I like John C. Dvorak because a cranky ass and manages to stay independent with all the Mac and Linux sissies dancing around. He's now predicting a Bubble 2.0. We had the .com bubble in the 90's and now it's time for another one -- the bubble of web 2.0 -- Bubble 2.0.
Each of these bubbles had a distinctive theme. For the dot-com bubble, it was e-commerce—it really should have been called the e-commerce bubble. Everything was focused on how the Internet was going to destroy all existing brick-and-mortar operations. We were told that you'd be buying sandwiches over the Internet and having them delivered the next day by FedEx. Everything was about "eyeballs" and finding ways to attract customers, whether they bought anything or not. Every article in every newspaper in the country parroted the litany as to how you'd be out of business in a year or two if you were not present on the Web in a big way. Of course, this was all crap.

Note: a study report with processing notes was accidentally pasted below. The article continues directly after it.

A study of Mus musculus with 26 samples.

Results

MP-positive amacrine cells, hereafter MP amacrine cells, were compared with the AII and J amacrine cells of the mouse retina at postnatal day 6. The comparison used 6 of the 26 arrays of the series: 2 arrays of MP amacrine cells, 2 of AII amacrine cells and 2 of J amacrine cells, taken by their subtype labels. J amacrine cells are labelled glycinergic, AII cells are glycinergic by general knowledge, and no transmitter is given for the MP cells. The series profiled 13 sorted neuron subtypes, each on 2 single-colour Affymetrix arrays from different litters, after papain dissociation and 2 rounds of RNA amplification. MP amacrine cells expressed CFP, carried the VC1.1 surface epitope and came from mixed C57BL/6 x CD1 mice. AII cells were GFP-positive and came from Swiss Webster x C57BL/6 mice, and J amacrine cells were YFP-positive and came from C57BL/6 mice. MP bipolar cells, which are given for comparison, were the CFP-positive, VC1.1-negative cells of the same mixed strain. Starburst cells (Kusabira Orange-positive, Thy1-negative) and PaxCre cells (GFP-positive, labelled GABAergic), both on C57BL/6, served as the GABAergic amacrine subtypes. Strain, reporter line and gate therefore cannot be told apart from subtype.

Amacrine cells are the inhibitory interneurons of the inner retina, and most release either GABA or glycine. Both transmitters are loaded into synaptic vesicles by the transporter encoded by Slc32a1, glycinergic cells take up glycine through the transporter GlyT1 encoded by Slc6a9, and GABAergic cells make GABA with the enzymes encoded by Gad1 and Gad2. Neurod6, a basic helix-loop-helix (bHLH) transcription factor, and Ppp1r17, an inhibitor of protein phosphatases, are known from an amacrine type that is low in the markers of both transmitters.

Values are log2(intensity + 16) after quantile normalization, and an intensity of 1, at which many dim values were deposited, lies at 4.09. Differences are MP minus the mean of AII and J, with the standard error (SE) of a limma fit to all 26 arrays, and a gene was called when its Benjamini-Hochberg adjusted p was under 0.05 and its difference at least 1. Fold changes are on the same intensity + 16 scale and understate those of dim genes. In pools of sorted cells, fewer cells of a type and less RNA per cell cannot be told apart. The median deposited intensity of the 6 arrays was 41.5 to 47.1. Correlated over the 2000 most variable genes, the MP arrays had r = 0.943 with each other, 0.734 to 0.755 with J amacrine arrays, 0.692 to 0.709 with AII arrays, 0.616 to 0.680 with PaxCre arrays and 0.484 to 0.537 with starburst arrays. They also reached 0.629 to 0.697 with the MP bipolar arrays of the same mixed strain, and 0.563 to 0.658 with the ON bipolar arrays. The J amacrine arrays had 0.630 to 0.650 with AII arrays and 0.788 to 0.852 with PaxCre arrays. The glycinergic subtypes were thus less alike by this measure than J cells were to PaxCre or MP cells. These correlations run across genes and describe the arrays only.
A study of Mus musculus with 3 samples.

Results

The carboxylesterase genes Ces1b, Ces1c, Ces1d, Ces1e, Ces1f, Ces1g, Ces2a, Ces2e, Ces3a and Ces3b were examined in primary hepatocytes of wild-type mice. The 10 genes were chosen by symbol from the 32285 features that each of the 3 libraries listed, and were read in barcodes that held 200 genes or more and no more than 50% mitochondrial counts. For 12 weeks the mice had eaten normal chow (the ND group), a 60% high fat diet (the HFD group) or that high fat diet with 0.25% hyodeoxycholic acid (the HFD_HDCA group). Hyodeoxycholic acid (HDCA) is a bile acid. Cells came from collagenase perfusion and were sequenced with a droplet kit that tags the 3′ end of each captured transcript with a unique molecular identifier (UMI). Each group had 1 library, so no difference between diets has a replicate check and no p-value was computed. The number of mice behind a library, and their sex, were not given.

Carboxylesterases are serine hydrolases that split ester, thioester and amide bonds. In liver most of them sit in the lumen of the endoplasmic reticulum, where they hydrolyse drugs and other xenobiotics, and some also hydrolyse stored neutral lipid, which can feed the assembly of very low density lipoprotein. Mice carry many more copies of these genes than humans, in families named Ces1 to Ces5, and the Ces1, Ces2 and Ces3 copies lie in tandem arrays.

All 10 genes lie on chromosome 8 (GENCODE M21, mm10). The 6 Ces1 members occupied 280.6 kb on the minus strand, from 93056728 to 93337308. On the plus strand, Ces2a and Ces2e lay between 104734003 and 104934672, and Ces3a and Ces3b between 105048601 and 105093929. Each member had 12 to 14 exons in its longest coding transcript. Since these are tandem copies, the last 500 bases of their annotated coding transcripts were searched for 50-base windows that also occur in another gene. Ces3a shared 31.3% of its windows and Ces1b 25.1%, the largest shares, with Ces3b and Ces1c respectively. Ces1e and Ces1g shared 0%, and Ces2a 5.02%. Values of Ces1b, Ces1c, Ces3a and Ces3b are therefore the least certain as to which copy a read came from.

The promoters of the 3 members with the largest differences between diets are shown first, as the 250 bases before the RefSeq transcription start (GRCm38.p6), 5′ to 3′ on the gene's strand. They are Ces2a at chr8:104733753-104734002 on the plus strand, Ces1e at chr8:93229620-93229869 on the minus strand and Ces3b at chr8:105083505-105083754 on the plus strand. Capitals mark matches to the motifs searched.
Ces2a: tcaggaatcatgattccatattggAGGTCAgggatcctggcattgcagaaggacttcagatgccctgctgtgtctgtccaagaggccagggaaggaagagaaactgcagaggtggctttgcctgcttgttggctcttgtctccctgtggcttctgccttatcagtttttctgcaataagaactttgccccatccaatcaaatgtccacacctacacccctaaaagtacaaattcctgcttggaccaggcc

Although John has trouble pointing out why the Web 2.0 bubble will pop I can give him a hint: lack of business model. Yes, that's a boring answer and it was the same as in Bubble 1.0, but as we all know: in the end it is about the money.
Web 2.0 start-ups are now wildly invested in and spending loads of money, only to attract an audience and build expensive products. Youtube spends $1,000,000 per month on bandwidth alone. That's crazy. How much do they make? Not much. How did they maintain themselves? Investors. For them it paid off, they were bought by Google. It paid off. But the thing is, the story doesn't end at an acquisition. What is Google going to do? They have the monetization problem now. They are desperately trying to come up with some kind of advertising thing, but my prediction is that in the end it won't work.
A small part of the little start-ups will be bought by big monsters like Yahoo, Google and Microsoft, the others will die by themselves, because they were not built to make money -- they were built to be sold. The big monsters then end up with very expensive money losing machines that they somehow have to turn to make a profit. It's going to be a challenge.
Don't be surprised if you hear a loud popping sound within the next few years.